The sand-covered patio at MacDowell’s Brew Kitchen in downtown Leesburg. (Amanda Voisard/For The Washington Post)

More than a year after a controversy arose over a Leesburg restaurant’s popular outdoor “beach,” one key step toward a resolution has been made: MacDowell’s Brew Kitchen will keep its sandy patio intact by buying a small piece of land from the town.

The Leesburg Town Council recently approved the sale of the 1,100-square-foot area, which was previously zoned as a town right-of-way, to MacDowell’s for $24,000, officials and the brewpub’s owners said.

Since opening on Harrison street in historic downtown Leesburg in 2011, the brewpub’s sand-covered patio — festooned with palm trees, picnic tables, a boat-turned bar and other tropical decor — has been well frequented by families and by happy-hour fans. The brewpub quickly drew a gathering of loyal patrons and was named Best New Business at the town’s annual business awards ceremony last year.

But soon, a complaint was filed against the brewpub by a resident who said that MacDowell’s had not received approval from the town’s Board of Architectural Review for changes to the building’s exterior, meaning the less-than-historic-looking beach that is its primary outdoor gathering spot.

The complaint led to the discovery of other concerns, officials said. Town zoning inspectors determined that the restaurant was on a residential lot and said that part of the beach encompassed an area that was zoned as a public right-of-way, which meant that alcohol could not be served there.

At first, the problematic area was taped off, prompting the business to launch a “Save Our Beach” petition that quickly had thousands of signatures. Leesburg officials responded by amending the town code to permit alcohol to be served in the area, and the red tape came down.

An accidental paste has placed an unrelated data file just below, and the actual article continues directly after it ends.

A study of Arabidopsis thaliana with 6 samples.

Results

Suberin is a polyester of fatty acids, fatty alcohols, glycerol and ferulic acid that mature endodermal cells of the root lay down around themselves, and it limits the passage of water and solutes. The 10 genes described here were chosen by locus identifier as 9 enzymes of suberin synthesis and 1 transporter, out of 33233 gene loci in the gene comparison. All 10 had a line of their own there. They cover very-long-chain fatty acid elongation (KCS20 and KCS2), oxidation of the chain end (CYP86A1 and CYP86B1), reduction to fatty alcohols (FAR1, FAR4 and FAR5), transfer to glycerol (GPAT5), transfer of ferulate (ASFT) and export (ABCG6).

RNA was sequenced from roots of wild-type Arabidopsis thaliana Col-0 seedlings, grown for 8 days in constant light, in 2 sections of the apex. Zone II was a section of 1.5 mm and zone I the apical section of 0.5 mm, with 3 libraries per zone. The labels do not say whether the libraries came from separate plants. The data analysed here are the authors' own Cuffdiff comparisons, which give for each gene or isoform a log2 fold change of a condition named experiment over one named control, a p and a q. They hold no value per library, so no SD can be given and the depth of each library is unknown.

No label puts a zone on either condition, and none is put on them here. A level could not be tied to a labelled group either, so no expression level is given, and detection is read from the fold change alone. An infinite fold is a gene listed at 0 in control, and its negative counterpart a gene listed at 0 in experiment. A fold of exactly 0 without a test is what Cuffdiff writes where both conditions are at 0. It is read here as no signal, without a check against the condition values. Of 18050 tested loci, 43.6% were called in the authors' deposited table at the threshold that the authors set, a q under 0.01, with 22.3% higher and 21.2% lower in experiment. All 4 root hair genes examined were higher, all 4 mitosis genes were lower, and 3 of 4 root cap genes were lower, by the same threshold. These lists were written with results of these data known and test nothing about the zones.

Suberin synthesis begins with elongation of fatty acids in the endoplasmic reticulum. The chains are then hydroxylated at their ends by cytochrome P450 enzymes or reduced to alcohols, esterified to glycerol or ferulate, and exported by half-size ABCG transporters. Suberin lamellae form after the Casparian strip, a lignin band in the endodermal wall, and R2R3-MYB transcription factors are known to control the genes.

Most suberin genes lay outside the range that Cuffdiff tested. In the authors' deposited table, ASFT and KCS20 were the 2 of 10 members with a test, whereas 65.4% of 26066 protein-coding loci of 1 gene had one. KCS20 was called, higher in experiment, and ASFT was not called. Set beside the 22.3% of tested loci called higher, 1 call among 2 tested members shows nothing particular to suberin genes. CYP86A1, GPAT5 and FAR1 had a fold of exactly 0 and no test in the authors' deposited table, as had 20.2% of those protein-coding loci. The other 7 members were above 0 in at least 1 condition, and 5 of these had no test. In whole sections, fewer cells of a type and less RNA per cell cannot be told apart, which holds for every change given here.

But a permanent solution was needed. Officials said that the sale of the public property to the restaurant is an important step but that legislative processes, including the rezoning of the property from residential to commercial and Board of Architectural Review approval, are pending.

“This is still a process, but it’s getting there,” said Scott Parker, Leesburg’s assistant town manager. The rezoning application, which would designate the property for commercial use, will come before the council for discussion Aug. 12, he said.

Gordon MacDowell, the brewpub’s co-owner, said he was hopeful that the application would get a green light from the council. “We’re not expecting anything to be easy,” he said. “But we are in a position now where I think almost everybody agrees that this should be approved.”

The Board of Architectural Review’s decision would follow the rezoning approval, MacDowell said.

“The thing with us is that everything that we have [on the patio] is on a temporary basis — the boat, the alligator, the barrels and palm trees in pots. Everything is moveable, so technically the [Board of Architectural Review] doesn’t have purview over that,” MacDowell said. “But we do want to make them happy, so we have already done a landscape plan . . . but they won’t look at that until after the rezoning is done.”

Although the lengthy process is not over, and the costs involved have limited MacDowell’s ability to invest in the business, he looks forward to the end being in sight.

“There was a point there where I was feeling rather discouraged, just because of the number of unexpected meetings and permits and fees,” he said. “But it is going okay, and I’m positive that we will get it done soon.”